Pay gap may be “out of control”

The gap between those at the top and bottom of the pay scale has widened significantly and may be "out of control", according to a new report on high pay.

The gap between those at the top and bottom of the pay scale has widened significantly and may be "out of control", according to a new report on high pay.

The High Pay Commission’s interim report,  More For Less: what has happened to pay at the  top and does it matter? , reveals the dramatic growth in pay experienced by those at the top of the income distribution over the last 30 years and discusses the causes of this growth.

It isreleased in tandem with a new ICM poll which shows that 72% of the public think high pay makes Britain grossly unequal whilst 73% have no faith in government or business to tackle excessive high pay.  The poll shows that, from a range of options, the majority of the public (57%) wants top pay linked clearly to company performance, while half (50%) want shareholders to have a direct say on senior pay and bonus packages.

Chair of the High Pay Commission, Deborah Hargreaves, said: “This is the clearest evidence so far that the gap between pay of the general public and the corporate elite is widening rapidly and is out of control.  Set against the tough spending measures and mixed company performance, we have to ask ourselves whether we are paying more and getting less.”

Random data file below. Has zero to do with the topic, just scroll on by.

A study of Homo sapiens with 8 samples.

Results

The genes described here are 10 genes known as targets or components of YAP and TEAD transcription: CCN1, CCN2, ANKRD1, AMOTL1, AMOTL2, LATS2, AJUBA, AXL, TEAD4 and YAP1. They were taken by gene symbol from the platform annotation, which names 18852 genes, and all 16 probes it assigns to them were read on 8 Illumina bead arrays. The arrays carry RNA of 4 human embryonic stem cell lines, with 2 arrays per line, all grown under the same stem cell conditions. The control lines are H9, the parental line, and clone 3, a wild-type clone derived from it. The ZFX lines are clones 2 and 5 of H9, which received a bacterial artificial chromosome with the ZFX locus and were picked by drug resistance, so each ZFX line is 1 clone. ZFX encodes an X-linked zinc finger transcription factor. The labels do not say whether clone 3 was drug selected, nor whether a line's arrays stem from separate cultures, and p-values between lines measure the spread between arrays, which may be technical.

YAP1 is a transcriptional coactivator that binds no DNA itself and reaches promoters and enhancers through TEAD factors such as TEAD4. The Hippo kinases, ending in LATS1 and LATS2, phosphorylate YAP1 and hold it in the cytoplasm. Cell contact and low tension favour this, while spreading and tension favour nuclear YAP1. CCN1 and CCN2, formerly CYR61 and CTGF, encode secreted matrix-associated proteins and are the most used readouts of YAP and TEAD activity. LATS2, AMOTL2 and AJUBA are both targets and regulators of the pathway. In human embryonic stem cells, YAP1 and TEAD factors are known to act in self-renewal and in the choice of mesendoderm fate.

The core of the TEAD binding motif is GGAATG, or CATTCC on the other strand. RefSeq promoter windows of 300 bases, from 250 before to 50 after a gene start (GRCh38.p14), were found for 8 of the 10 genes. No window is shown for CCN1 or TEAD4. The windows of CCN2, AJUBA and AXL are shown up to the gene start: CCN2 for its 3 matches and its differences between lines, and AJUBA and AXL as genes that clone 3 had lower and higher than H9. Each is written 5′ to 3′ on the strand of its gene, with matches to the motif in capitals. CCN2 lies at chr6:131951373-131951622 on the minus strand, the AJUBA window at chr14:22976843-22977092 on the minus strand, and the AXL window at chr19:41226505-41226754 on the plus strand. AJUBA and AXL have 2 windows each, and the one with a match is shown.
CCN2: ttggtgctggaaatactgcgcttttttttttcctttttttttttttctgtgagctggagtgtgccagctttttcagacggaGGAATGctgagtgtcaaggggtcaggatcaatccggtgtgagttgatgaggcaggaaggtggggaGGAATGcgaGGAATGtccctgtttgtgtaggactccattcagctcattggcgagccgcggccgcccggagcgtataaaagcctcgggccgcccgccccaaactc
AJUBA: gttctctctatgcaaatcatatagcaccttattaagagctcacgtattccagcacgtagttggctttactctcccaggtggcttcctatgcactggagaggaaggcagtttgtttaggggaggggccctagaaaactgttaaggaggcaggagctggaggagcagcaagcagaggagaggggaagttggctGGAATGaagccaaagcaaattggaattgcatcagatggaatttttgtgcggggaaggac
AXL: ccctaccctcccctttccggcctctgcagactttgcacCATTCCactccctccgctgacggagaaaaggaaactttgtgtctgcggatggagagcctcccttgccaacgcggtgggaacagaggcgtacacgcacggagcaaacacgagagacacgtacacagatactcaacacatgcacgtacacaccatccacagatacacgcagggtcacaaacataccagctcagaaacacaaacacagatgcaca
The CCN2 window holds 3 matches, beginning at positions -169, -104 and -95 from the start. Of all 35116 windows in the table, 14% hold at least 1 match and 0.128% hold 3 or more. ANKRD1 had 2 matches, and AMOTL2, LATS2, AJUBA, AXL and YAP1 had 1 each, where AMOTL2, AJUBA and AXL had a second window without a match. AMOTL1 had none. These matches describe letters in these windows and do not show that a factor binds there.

Robert Talbut, Commissioner, and Chief Investment Officer of Royal London Asset Management said: “As the polling shows there is a clear public interest in tackling top pay, and increasingly there is a clear business interest too.  In part because companies depend on public support but also because the evermore complicated pay packages designed to incentivise performance for top executives – that have contributed to a ballooning in pay at the top – do not appear to have worked. The clear and necessary link between executive pay and company performance appear tenuous at best.

Ahead of its final report, due in the autumn, the High Pay Commission proposes a framework for fair pay through: reforms on transparency, greater accountability and developing a fair framework for fair pay.

The High Pay Commission will be commissioning additional research on the issue of high pay and developing policy proposals that could seek to mitigate or reduce this dramatic trend. The High Pay Commission will report finally in November 2011.